If there’s one thing true of life, it’s that stress is free.
But thankfully, the antidote won’t cost you a penny, either. Yes, we’re talking about meditation, the health benefits of which are backed by some promising research.
The perks of meditation include helping to calm anxiety, lowering blood pressure, balancing gut flora, and positively influencing the immune system. All of this is fueled by the fact that meditation helps our stress response and, in turn, wards off the downstream effects of chronic or extreme stress.
Prolonged stress results in consistent waves of the stress hormone cortisol running through the body, with substances like cytokines, which can promote inflammation, following close behind. This constant stampede leaves damage in its wake, throwing off normal communication between our cells, and potentially shoving our hair follicles right out of their growth phase.
Choosing a calm, tranquil environment for meditation can be helpful to get you into a clear headspace. Find a quiet corner of your space or pop on some headphones and peaceful music. Incense or calming essential oils can also be helpful for getting your mind into a meditative mode.
But the beauty of meditation is that nothing fancy is needed to get started — and there’s no wrong way to do it. It’s all about finding a technique that works for you. Even washing the dishes can be turned into meditation.
The goal of meditation isn’t to clear your mind completely, but to avoid being pulled away from the present moment. So when something pops into your head, acknowledge the thought, resist the urge to attach an emotion to it, and allow it to drift away. This takes practice, so be patient with yourself. Having a mental mantra, such as “in, out” with the rhythm of your breath, can be helpful to pull you back into the moment.
Four Square Breathing Technique
- Get into a calming, still position and close your eyes.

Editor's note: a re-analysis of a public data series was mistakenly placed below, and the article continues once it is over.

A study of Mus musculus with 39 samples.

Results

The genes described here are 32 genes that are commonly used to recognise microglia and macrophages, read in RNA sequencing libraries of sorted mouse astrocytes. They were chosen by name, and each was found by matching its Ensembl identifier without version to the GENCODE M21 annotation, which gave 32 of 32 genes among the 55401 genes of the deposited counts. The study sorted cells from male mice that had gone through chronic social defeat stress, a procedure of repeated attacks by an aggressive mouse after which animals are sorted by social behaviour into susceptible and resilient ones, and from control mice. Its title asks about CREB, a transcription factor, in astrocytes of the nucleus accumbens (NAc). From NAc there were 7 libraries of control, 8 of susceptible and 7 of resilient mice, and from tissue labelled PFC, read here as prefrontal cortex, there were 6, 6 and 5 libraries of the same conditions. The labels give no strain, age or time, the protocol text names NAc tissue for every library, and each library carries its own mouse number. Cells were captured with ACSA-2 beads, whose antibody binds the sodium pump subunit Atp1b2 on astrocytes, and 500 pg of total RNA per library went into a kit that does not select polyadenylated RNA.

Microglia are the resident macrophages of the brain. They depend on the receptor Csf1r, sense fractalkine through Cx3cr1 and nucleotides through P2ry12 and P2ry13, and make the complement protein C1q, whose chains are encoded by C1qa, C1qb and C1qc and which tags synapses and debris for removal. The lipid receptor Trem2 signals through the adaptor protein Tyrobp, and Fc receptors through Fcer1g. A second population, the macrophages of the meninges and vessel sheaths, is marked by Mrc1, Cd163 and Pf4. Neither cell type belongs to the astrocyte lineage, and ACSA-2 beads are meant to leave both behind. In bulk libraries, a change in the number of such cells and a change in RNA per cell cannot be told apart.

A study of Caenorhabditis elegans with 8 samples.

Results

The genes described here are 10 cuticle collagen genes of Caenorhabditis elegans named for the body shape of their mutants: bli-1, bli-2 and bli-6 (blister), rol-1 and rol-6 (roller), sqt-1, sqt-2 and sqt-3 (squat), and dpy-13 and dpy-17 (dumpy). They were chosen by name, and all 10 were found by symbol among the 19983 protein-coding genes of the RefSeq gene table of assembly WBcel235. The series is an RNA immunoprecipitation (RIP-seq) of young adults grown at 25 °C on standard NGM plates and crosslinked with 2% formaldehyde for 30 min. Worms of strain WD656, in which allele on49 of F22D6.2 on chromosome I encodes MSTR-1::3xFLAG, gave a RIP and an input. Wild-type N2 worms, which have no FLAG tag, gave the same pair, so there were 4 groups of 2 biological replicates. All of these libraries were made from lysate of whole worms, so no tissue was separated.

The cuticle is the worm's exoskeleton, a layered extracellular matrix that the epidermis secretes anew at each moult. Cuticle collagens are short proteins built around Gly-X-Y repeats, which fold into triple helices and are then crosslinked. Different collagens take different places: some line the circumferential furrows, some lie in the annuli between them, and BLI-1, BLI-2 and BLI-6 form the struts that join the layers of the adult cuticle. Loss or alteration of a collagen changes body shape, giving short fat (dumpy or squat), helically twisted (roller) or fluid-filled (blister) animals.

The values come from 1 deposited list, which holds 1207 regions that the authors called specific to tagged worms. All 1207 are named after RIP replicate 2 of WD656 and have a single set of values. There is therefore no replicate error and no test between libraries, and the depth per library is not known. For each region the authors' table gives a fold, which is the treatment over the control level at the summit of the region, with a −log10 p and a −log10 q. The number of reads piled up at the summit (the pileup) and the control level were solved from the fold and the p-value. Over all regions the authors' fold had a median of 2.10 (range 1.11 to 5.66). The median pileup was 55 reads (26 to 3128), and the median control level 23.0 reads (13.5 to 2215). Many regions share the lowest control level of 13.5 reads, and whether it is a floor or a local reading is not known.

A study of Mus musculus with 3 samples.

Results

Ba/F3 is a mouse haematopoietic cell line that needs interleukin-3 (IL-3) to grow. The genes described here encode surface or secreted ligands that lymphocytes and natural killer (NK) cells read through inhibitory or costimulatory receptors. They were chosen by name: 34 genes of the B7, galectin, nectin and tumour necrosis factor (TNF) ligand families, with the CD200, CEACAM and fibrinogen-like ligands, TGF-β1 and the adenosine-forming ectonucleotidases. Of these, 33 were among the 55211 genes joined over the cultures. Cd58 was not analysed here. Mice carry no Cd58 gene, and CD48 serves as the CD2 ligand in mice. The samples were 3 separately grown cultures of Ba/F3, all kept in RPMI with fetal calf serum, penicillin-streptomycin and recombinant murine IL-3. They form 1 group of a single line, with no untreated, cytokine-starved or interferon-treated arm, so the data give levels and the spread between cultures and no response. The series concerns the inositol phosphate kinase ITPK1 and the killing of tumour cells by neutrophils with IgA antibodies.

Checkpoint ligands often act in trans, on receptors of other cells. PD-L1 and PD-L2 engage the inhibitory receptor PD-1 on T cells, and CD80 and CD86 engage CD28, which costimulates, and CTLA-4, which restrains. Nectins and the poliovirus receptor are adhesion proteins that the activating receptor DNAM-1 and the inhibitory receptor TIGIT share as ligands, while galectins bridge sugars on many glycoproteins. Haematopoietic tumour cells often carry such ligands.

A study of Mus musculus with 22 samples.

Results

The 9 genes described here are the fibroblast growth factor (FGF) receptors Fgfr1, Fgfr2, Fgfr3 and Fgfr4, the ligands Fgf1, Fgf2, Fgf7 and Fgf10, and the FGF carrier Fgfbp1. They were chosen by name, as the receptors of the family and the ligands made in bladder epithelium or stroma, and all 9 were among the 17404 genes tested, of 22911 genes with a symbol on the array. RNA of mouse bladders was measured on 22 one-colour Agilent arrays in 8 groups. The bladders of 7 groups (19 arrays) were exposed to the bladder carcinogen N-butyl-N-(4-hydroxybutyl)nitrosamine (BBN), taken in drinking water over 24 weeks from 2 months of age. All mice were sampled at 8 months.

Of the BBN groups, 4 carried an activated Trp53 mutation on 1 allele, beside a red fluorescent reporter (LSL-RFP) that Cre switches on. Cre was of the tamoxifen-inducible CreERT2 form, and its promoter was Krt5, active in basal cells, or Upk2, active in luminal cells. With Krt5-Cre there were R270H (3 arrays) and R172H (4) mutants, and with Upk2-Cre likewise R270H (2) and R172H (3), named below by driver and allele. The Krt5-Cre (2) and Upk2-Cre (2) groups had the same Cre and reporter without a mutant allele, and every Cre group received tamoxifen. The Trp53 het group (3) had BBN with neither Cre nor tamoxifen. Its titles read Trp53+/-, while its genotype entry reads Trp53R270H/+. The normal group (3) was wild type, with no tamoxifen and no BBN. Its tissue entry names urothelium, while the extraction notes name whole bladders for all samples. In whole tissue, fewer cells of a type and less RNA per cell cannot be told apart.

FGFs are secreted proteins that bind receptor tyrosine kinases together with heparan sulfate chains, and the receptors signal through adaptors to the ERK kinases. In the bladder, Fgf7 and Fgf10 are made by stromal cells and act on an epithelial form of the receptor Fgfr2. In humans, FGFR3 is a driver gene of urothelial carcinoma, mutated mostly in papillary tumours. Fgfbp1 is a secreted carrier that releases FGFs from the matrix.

- Start by taking a slow, deep inhale, counting silently in your head up to four.
- Now pause, counting again slowly up to four.
- Then allow yourself to slowly and deliberately exhale, counting again to four.
- Pause once more, allowing yourself to stay in this transition moment to a count of four.
- Start again with another inhale and repeat this process for a total of four rounds.
- Find a peaceful space where you can walk about 10 steps undisturbed.
- Stand at one end of your walking path with straight but relaxed posture and your arms in any comfortable position.
- Start by deliberately lifting one foot and moving it slightly forward at a distance that feels natural and easy.
- Allow this heel to touch the ground and slowly shift your weight onto it. Gradually push the weight of your body into the whole foot as it flattens to the ground.
- Gently lift the heel of your other foot off the ground until only your toes are in contact with the floor.
- Then lift that entire foot and move it slightly forward as you did with the first foot.
- Let your heel make contact with the ground first and gradually shift your weight onto this foot as it flattens.
- Continue with this cycle of mindful walking until you’ve reached the end of your path or have counted a total of 10 steps.
- When you’re ready, turn around and begin by lifting each foot in turn again. Continue for a set of five total journeys along your path.
Blue Sky Meditation
- Start in a seated position with your back straight and hands rested loosely on your lap.
- Close your eyes and begin with a few deep, intentional breaths.
- When you’re ready, allow your mind to visualize a clear blue sky.
- Hold on to this image, deepening its detail as you’d like. If it’s soothing, picture a warm breeze to accompany your calming sky.
- Now picture the sun. Imagine its warm, golden light pouring down on you.
- Associate these rays of sunshine with nourishment, health, and healing. Allow them to wash over you, evaporating your worries and fears. Focus on this healing, revitalizing light for as long as is useful.
- Whenever you’re ready, slowly allow yourself to come back in tune with your body, taking a few more calming breaths before gently opening your eyes.